Private equity (PE) has solidified its position on the cutting edge of the Nigerian economy in recent years, taking stakes in technology, mobile and electronic payments infrastructure, and e-commerce. Local firms have also been especially active in the real estate and consumer goods markets. Developments have sought to strengthen the PE segment.
On The Move
First, in 2010 Nigeria’s National Pension Commission (PENCOM) allowed pension fund managers to invest up to 5% of funds under management in PE. By early 2016 PENCOM began considering increasing the limit to 10%. Second, in 2013 the Securities and Exchange Commission instituted a minimum capital requirement of N1bn ($3.2m) for new registrants, which is intended to encourage larger volumes of PE capital to flow into the economy.
Notable investments in recent years have included $14m in pharmaceuticals and beverages producer Nigerian-German Chemicals by the Mauritius-based Advanced Finance and Investment Group in December 2014, and a $147m investment in retail banker Diamond Bank by Washington, DC-based PE firm Carlyle Group in November 2014. Nigeria has been the leader in attracting PE investment in Africa. According to a 2015 report by consultancy EY, Nigeria accounted for 31.4% of total PE investment in Africa between 2009 and 2014.
However, PE investments slowed considerably in 2015 and are expected to remain low throughout 2016. In 2015 PE investors, like much of the international community, were reluctant to invest new funds in the economy due to uncertainty surrounding the election. Investments in 2016 are expected to remain weak due to uncertainty related to the currency and the broader macroeconomic direction. As the bulk of PE investment originates offshore, this segment of the capital markets is especially sensitive to currency risk. In addition, compared to bank financing, which commonly extends for up to five to seven years, PE investments are long term in nature, usually spanning only two to three years. Outside investors are reluctant to bring capital into the country without certainty that they will be able to repatriate those funds later. While foreign investors are the most sensitive to shifts in the currency, domestic investors are also affected. Domestic private equity funds are often denominated in US dollars, rather than naira, creating an inherent currency risk even when no capital crosses borders.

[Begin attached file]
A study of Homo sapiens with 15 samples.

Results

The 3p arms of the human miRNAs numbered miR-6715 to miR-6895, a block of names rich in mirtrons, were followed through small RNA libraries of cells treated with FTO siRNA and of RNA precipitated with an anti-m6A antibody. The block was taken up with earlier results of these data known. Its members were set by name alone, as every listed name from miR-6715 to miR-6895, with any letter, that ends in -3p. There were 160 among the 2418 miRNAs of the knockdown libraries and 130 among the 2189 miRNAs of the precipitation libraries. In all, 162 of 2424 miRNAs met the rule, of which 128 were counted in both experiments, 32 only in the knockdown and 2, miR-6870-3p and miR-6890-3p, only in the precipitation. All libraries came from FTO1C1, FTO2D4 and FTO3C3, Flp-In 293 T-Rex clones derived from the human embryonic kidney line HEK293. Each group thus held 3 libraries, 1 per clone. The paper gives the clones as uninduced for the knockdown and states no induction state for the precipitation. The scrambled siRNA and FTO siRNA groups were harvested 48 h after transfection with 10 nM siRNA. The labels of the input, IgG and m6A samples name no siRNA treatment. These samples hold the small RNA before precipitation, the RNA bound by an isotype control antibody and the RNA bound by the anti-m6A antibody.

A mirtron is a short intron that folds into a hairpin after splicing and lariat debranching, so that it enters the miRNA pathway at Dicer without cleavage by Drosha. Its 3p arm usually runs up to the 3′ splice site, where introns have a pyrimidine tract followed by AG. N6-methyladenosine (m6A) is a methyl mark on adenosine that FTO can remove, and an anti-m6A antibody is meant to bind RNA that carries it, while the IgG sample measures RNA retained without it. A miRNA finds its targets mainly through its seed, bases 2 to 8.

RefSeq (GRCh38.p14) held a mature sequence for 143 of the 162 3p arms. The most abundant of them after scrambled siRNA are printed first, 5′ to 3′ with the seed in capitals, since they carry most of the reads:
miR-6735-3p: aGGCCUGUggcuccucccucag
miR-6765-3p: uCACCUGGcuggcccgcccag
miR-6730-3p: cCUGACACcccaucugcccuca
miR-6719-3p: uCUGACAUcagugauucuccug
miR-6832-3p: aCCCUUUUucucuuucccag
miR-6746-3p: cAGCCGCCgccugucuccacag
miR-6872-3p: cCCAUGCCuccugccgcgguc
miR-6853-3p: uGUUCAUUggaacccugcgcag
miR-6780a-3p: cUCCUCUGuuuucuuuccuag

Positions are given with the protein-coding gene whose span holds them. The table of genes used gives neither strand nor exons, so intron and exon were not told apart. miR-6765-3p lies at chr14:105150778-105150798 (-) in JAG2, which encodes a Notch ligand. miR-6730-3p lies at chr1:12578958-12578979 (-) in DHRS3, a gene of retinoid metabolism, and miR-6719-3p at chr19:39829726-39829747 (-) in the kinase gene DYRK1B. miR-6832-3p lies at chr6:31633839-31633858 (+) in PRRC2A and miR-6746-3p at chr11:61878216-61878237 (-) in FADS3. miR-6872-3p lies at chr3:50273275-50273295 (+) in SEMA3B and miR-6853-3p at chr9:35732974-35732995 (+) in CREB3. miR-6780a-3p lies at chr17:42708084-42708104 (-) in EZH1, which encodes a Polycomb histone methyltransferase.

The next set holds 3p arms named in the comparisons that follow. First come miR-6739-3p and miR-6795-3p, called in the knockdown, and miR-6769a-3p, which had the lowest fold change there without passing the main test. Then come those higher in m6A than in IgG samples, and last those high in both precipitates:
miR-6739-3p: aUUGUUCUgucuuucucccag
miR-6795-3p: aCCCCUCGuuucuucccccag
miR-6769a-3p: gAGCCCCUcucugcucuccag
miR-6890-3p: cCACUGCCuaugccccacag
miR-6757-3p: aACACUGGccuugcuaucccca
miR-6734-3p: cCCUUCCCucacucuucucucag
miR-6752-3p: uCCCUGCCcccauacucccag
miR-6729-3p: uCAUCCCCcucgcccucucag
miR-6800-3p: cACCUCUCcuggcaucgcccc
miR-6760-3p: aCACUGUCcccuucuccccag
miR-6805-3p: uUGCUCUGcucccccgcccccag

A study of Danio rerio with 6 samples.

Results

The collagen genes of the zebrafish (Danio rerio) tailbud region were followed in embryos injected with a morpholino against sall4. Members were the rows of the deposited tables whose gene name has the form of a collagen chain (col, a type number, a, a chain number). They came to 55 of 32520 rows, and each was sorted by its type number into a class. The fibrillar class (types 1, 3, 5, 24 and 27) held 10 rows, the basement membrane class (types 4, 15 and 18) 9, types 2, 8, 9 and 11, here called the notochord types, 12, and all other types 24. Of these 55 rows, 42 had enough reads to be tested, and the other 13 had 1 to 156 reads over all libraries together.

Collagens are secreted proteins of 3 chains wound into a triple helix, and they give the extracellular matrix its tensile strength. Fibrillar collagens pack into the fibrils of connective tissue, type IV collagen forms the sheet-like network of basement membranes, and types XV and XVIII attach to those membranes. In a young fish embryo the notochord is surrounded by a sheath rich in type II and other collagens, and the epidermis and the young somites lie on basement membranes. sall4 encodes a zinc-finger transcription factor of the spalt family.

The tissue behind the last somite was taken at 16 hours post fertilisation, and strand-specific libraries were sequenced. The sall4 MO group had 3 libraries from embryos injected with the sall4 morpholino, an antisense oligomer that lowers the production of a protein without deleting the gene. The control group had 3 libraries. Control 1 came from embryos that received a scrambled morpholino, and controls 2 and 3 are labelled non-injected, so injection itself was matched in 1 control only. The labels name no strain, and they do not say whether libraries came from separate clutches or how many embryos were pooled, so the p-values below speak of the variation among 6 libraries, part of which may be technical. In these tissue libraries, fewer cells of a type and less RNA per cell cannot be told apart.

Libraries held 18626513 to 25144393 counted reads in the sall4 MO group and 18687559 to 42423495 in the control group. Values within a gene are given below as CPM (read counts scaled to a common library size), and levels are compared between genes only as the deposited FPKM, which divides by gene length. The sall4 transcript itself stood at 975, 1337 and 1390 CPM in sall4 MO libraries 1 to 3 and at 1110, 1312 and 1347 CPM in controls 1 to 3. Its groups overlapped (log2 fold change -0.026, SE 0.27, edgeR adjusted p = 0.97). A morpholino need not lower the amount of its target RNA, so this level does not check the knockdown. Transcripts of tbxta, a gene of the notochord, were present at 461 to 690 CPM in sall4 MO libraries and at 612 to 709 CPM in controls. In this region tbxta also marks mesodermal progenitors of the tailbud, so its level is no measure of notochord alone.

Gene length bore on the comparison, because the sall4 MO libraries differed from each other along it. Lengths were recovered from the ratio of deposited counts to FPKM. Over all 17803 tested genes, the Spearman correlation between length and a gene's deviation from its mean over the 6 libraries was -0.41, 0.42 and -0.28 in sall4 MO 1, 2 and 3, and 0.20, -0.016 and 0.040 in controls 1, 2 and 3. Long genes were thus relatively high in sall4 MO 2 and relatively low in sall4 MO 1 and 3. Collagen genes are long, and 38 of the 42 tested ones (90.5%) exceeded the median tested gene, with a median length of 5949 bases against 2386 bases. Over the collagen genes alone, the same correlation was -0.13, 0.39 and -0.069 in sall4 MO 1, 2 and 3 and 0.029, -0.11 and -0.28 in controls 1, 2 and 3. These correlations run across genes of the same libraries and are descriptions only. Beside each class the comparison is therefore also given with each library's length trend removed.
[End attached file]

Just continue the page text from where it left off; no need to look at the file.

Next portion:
Nevertheless, PE investment is likely to forge ahead, although it will avoid sectors of the economy with relatively high currency risk, such as those that are heavily dependent on imports. Echoing the sentiments of the government, areas of import substitution will likely garner more attention. Likewise, companies and industries that are able to source their raw materials and intermediate goods locally may also be attractive targets. The only question is the length of time investors can hold on to uncommitted capital before they must return the funds to their investors. According to a 2016 EY report, exit activity across Africa hit record levels in 2015, with Nigeria accounting for 10% of the continent’s PE exits in 2014 and 2015. By comparison, South Africa represented 39% of the African total in the same period.
As the weaker economy takes its toll on an expanding number of companies in Nigeria, the PE funds that will be best positioned to prosper are those that specialise in or can shift focus to turnaround stories. Generally speaking, PE is not necessarily the cheapest form of funding because it requires that companies transfer equity and comes with restrictions. Nevertheless, the demand by corporations for PE funding is expected to remain strong in 2016. In the current environment struggling firms are reluctant to take on more debt, making PE funds more attractive. As the economy works to find its footing and banks build buffers, PE companies could be in line to benefit.